On Sunday’s Meet The Press, former White House Press Secretary Robert Gibbs said Hillary Clinton’s early-stage presidential campaign would do well to distance itself from the presidencies of Barack Obama, and of her husband Bill.
Gibbs was responding to Meet The Press anchor David Gregory’s question on how Hillary should position herself “vis-à-vis” Obama, noting that his legacy could help and hurt her:
Well, she also has to distinguish herself from her husband, too, right? Listen, if her campaign becomes an extension really of either her husband’s term or the current President’s term, it’s not necessarily a good deal for her. I completely agree with Chuck [Todd]. I as a strategist am fairly floored that she has decided to enter the public fray so quickly. She could do the foundation work, she could do issue work, she could build the campaign, she could develop a message without having to be so far out front there. And Chuck talks about strong bipartisan approval ratings, those will whittle quite quickly as she steps further and further into the political world.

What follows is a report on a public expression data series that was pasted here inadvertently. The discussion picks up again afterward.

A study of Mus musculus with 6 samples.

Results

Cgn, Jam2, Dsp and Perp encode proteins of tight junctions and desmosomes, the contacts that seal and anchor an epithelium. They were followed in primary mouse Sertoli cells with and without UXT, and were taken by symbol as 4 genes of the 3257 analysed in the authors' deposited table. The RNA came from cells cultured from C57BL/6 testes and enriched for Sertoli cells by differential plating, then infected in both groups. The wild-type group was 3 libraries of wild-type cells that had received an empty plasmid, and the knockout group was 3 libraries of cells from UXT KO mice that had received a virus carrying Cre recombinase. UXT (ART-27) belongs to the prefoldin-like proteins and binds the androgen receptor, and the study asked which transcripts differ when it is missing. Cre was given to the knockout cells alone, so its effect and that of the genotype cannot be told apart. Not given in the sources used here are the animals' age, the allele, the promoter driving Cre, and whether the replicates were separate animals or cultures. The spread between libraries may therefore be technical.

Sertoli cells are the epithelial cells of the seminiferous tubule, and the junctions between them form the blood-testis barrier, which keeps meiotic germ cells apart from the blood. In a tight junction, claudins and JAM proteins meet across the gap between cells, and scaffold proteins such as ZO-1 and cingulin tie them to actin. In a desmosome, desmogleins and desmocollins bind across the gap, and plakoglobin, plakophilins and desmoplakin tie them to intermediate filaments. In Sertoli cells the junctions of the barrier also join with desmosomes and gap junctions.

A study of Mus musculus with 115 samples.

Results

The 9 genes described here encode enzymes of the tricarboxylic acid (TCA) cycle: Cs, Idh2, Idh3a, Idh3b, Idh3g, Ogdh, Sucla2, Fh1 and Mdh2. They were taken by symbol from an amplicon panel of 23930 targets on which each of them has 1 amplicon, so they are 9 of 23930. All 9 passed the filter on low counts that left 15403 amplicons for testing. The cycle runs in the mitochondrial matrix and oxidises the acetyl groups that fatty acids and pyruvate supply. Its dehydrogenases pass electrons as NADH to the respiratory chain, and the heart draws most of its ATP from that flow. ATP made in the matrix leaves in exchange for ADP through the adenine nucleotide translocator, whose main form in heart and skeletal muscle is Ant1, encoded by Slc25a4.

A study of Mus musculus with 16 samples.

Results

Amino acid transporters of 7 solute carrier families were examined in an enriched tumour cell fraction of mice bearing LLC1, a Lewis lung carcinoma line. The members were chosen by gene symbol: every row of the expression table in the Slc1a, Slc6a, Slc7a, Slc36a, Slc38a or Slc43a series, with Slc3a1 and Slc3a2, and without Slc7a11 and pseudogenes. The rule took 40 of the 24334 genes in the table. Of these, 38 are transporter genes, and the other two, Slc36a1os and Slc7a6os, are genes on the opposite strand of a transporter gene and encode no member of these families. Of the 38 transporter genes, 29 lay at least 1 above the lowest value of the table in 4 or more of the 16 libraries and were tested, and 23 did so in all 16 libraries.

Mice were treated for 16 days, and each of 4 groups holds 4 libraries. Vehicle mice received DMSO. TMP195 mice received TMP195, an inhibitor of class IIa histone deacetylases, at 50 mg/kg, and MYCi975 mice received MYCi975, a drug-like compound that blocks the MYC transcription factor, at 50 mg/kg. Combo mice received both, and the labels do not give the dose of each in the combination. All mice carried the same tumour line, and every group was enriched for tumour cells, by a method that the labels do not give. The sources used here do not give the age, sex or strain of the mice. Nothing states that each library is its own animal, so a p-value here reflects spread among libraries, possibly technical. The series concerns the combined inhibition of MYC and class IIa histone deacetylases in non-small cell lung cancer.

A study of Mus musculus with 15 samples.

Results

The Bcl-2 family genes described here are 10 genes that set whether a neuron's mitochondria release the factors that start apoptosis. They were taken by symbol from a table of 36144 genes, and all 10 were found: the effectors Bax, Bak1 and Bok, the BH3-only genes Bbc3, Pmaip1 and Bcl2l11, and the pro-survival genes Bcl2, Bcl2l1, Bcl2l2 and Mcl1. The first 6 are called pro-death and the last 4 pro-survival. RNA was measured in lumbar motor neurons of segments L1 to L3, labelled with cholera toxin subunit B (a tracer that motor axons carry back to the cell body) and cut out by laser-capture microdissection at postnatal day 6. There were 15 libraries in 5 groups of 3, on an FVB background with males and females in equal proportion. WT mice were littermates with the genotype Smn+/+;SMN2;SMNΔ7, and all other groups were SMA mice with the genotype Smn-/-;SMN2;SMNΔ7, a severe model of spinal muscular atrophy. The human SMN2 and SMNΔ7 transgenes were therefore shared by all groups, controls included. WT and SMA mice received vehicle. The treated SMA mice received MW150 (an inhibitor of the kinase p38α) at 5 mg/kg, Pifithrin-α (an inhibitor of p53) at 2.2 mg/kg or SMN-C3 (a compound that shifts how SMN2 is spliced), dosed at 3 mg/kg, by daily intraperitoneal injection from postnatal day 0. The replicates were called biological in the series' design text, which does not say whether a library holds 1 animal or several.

Clinton surprised observers last week when she publicly spoke out against the Supreme Court’s decision to strike down a key section of the Voting Rights Act, and the proliferation of voter ID laws sweeping the country. Democrats, for the most part, view these laws as attempts by Republicans to suppress the minority vote, and as a way of playing the race card.
That, despite the fact that in Georgia, Indiana and Tennessee, which have some of the strictest voter ID laws in the country, black voter turnout exceeded that of non-Hispanic whites in 2012, according to the census.
The biggest threat to Clinton’s candidacy might turn out to be the Benghazi scandal. In regard to the talking points about whether the anti-Islam YouTube video had anything to do with the attack on the diplomatic mission in Benghazi, and when the administration learned for sure that it was a pre-planned terrorist attack, “What did she know and when did she know it?” In addition, her answer at a Senate hearing, when she said “What difference does it make?” regarding how the four Americans died, is a ready-made campaign ad for her opponent. Once the truth finally comes out about her role, it could cause even her biggest media cheerleader, Chris Matthews, to abandon ship.